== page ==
Voluntary price reporting reforms undertaken by the energy companies and industry publishers in recent months have renewed confidence in the system, a member of the Commodity Future Trading Commission (CFTC) said in Houston Thursday. However, Commissioner Sharon Brown-Hruska warned that Congress still could pass legislation requiring government regulation of price reporting.
Speaking with reporters following a private energy forum with about 40 business leaders at the University of Houston, CFTC’s Brown-Hruska said that the commission’s investigation in false price reporting is “98%” completed. To date, she noted that the investigation had resulted in 20 actions against energy companies and $215 million in civil fines.
“Liquidity is starting to come back…integrity is coming back” to the energy price reporting system, Brown-Hruska said. The CFTC, which has acted in cooperation with the Federal Energy Regulatory Commission, “felt we had to act, and we have do so with great vigor.”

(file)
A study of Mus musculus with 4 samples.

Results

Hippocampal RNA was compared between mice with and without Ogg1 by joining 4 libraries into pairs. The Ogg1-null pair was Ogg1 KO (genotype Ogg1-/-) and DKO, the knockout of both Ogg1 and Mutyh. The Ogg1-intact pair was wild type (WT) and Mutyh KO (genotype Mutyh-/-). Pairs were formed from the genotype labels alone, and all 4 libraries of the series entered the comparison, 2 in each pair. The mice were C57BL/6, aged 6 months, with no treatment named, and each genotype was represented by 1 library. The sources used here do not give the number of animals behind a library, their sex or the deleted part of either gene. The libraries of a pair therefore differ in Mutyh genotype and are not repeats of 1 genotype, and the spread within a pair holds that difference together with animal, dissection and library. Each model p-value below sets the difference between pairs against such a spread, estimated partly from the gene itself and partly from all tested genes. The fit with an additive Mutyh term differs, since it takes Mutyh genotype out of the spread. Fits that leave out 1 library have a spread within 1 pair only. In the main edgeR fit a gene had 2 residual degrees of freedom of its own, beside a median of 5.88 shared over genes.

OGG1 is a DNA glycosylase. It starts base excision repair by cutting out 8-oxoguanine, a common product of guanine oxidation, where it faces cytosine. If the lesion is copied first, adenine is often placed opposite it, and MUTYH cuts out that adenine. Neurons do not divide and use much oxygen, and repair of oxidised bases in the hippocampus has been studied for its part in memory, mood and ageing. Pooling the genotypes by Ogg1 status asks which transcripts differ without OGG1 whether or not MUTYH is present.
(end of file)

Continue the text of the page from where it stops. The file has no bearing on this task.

Craig Pirrong, who directs the energy markets division of the UH Global Energy Management Institute (GEMI), said that there are “serious” issues remaining for energy price reporting. He said GEMI still supported the creation of an independent agency to gather price information, but that idea has not gained strong support from the CFTC or the energy industry.
Brown-Hruska, however, supports industry initiatives, “such as that proposed by the Committee of Chief Risk Officers, which establishes guidelines for reporting prices. I believe that such industry initiatives can be very effective in stemming the price reporting problems in a less costly fashion than by interposing a regulator into a job that the market can perform itself.”